What to take into consideration when choosing size and paper for printing fine art images?

Asked by BronxLens (1539points) June 8th, 2008

I have an Epson R2400. Will begin printing soon a couple of portfolios to show to galleries and art-organization directors & curators. Images range from 5MPx to 12 MPx (all JPGS, non in RAW). Anything you suggest to keep in mind?


playthebanjo's avatar

binding option will make you think about borders. PLAN the whole project before printing.

ambos's avatar

If you haven’t already, I would set the project up in InDesign and, echoing playthebanjo, keep your borders for binding in mind. Also, I would recommend an Epson matte paper. Personally, that is what I use on my epson printer and the matte blacks are absolutely gorgeous. They come out so velvety and rich. Pick 2–3 sizes for the images. Don’t make them a variety of sizes. This way you will keep the entire portfolio system consistent. Also, create a grid to layout your images in and stick to it. This will also create a nice, harmonious look.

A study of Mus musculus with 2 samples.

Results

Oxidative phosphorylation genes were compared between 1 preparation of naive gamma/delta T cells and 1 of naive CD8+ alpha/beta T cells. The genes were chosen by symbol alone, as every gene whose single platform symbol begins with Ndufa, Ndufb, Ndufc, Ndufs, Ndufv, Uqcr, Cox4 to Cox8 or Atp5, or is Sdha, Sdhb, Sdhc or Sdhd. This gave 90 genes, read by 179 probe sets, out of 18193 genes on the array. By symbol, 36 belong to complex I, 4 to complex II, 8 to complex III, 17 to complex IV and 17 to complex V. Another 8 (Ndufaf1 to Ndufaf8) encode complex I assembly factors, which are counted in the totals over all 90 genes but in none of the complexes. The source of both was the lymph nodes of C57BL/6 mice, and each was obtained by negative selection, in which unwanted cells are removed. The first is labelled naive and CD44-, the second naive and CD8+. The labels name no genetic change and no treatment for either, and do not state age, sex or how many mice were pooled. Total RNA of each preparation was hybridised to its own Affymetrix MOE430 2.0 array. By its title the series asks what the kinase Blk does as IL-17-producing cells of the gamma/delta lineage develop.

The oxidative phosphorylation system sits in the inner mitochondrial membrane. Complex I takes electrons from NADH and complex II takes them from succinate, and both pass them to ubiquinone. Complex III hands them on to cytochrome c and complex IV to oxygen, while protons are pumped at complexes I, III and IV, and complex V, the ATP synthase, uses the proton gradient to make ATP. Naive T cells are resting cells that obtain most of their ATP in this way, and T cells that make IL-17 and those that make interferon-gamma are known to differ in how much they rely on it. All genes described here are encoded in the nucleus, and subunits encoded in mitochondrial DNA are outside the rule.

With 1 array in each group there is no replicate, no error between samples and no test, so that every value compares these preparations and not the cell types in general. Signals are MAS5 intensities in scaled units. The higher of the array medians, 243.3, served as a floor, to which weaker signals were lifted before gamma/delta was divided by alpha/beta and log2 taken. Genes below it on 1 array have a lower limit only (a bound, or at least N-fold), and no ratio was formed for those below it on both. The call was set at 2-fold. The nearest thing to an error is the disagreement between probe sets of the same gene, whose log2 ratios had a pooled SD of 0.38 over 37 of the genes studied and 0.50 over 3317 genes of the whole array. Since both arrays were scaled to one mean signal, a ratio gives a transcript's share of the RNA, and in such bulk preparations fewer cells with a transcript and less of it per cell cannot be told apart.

Good luck!

Dog's avatar

While this may not be as viable an option to new artists I determined last year to “Go Green”. I no longer send out printed portfolios and instead send out CD portfolios.

Because I am established the transition was well received. More and more companies and galleries understand that we live in a digital age and support the need to save our natural resources as much as possible.

Lets say that is not an option though- in that case Ambros is giving excellent advice.

Grabbins's avatar

Sending a CD could be a dodgy one if you ask me. Is it really that much more environmentally friendly? You can recycle paper. And producing CDs must put a similar amount of carbon into the atmosphere as an ink cartridge.

Paper stock makes a big impact on the work being presented too. The feel of some nice laid paper is something you just can’t emulate on screen.

Also, it’s a lot easier to just flick through a printed portfolio than having to go to a computer. That just my opinion mind.

BronxLens's avatar

I prefer to show something close to the final product, so a matted print in a box portfolio makes sense for me. Statiscally not everyone that sees the portfolio prints will want to purchase them, so being able to take them from one person to the next is more practical for me. Having said this, I have found a few galleries that prefer to see the work as JPGs so I will do a bit of both (JPG emailing/printed portfolio presentations).

Thanks everyone for very relevant suggestions and points of view.